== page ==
Made in Great Britain

“Made in Great Britain” is not merely a fact: it is an attitude, a legacy, and a standard of excellence.

One month ago, the world seemed to stand still with the shocking news of Brexit splashed across every media outlet, igniting mixed emotions to say the least: sadness, glee, frustration, confusion, triumph, disappointment. The impact on the fashion industry has been coined as devastating as most UK brands and designers source textiles and other material from other EU countries such as Italy and France, and also not to mention the influx of international talent which flock to London for its world renowned fashion education. A defining moment in history to be sure with consequences not yet foreseen but one thing is for sure, forward we must look… With so much in limbo, I think now is an appropriate time to quickly reflect on the British fashion industry and see what lies behind the brand and heritage of “Made in Britain”.

Throughout my lifetime as a mere millennial, I have grown up with the idea of having production outsourced to low-wage countries so more developed countries can enjoy goods at a (sometimes painfully) cheap price. However, recently there has been somewhat of a homecoming to home markets such as back to British roots in fashion manufacturing, juxtaposing the pace of a more and more globalised world (or is it in fact becoming less globalised?). From both high end brands such as Burberry, Mulberry, Hackett London, and J.W Anderson and high street brands including TopShop and asos.com British manufacturing is again on the rise and for the sake of ethics and higher quality we should just throw our hands in the air and sing Hallelujah! But why is this happening? On one hand manufacturing in countries such as Bangladesh and China are actually becoming more expensive, due to new labour laws thus raising minimum wages (and human rights…finally) while on the other hand being labeled as “Made in Britain” carries with it a story, a tradition and a standard of high quality- fitting for a desirable product. Consumers are intelligent and informed and are increasingly more aware of the true cost of fast (cheap) fashion and feel the urge to support home economies with their purchases.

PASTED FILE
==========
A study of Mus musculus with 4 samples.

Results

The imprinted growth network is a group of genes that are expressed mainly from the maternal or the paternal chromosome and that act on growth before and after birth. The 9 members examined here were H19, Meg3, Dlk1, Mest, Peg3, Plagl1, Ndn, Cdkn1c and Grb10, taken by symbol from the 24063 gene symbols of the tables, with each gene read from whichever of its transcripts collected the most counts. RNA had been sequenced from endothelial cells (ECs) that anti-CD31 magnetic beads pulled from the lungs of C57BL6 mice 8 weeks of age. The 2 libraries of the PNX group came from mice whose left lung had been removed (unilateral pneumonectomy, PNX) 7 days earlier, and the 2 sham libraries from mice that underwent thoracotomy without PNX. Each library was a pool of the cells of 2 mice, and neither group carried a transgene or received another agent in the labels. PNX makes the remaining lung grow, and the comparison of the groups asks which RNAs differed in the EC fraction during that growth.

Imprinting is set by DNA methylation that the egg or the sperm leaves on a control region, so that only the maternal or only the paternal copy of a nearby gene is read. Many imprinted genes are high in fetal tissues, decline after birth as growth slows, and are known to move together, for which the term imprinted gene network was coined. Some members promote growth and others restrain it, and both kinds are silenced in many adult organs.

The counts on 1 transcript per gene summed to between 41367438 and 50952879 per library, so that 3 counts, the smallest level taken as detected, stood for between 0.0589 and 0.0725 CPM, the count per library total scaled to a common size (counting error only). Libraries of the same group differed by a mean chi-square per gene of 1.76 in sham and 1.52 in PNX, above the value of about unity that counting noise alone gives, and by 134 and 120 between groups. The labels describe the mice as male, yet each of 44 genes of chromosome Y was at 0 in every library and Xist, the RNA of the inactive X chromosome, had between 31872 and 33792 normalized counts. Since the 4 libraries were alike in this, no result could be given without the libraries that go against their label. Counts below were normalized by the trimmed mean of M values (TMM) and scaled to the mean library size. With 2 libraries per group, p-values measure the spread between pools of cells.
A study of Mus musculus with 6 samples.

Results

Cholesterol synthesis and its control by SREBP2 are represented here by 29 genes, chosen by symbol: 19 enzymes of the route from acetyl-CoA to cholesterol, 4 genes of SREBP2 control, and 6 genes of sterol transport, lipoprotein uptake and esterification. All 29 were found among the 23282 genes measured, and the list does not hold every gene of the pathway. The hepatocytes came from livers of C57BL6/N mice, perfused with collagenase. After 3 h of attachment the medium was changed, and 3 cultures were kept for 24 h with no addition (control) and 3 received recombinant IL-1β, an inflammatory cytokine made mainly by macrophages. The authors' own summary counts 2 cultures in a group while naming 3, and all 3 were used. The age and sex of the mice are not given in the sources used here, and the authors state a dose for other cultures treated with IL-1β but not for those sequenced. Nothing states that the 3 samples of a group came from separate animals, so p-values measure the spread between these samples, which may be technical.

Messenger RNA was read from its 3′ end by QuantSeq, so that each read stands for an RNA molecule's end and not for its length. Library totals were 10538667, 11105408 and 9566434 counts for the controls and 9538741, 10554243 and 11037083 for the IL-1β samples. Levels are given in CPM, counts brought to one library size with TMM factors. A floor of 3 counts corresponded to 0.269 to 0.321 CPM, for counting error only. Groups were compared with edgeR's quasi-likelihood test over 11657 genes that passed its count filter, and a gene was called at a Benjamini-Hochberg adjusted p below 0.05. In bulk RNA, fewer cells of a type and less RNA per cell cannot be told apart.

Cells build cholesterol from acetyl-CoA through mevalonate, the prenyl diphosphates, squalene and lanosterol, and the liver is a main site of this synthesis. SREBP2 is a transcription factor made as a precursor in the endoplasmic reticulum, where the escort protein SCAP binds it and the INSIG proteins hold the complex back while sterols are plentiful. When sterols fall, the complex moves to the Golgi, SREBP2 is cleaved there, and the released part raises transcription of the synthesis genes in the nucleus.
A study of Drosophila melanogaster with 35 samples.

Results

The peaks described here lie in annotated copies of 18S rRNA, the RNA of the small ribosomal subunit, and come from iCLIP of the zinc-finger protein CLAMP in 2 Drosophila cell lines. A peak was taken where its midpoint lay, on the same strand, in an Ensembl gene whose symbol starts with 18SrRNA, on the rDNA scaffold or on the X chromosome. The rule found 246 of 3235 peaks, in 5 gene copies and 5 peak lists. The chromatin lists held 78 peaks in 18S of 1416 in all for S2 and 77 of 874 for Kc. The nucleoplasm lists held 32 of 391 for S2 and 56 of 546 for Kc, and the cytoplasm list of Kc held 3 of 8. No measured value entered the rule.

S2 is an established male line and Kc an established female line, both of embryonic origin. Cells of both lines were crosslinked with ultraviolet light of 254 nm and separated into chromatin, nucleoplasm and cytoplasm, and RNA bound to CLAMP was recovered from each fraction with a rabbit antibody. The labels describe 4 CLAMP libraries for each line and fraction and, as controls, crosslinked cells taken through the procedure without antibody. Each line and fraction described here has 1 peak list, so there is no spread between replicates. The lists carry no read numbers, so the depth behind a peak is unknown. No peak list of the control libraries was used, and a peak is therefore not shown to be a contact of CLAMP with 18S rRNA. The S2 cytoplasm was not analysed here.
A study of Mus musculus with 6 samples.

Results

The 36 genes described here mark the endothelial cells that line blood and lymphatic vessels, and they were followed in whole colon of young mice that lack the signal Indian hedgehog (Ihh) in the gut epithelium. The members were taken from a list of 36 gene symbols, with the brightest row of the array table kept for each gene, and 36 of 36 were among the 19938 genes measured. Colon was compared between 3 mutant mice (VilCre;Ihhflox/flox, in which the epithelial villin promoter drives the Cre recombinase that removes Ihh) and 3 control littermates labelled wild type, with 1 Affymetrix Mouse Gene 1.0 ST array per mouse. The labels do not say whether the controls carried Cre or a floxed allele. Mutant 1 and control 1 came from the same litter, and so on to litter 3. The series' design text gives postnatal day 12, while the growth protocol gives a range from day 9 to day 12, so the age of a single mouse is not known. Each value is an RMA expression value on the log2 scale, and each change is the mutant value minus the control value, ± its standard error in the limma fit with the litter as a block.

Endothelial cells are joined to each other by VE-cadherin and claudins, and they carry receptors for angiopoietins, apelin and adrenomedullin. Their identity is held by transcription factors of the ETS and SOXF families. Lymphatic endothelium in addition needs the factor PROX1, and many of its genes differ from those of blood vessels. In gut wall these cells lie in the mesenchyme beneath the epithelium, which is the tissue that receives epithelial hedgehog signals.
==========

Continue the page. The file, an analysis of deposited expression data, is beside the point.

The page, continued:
The UK has always enjoyed a rich legacy in fabric production, especially in Yorkshire and Derbyshire, manufacturing highest quality wools and tweed making the case for why producing in the UK is so attractive. Also the tradition of precise tailoring (such as the suit makers of Saville Row) and fine craftsmanship has been passed down through generations proving British artisan work is all but lost. Not only in terms of manufacturing is UK fashion heroic, but throughout its history and influence upon global apparel has been enormous. Some key British Fashion innovators include: William Henry Perkin who founded artificial dye made in a factory (so you wouldn’t have to use Cow urine for the colour yellow for example…. thank goodness!) Charles Frederick Worth the founder of Haute Couture and the seasonal fashion weeks we know today and James Hargreaves the inventor of the modern cotton mill thus speeding up production x 100! However it is the cultural movements which the UK is most celebrated for in influencing global fashion. There was glam rock in the 1970s, Punk in 1976, Rule Britannia in the 1990s but in 1960 was when the face of fashion forever changed towards youth and equality and thanks to the cool kids of King’s Road sporting Mary Quant vinyl mini-skirts. 

The influence of Britain on fashion is great and it will be interesting to see how exactly Brexit will impact the industry in both corporate and creative aspects. Until then all which can be said is that “Made in Britain” is not merely a fact: it is an attitude, a legacy, and a standard of excellence which spoils the world with some of the finest quality and innovative fashions crossing any boundaries.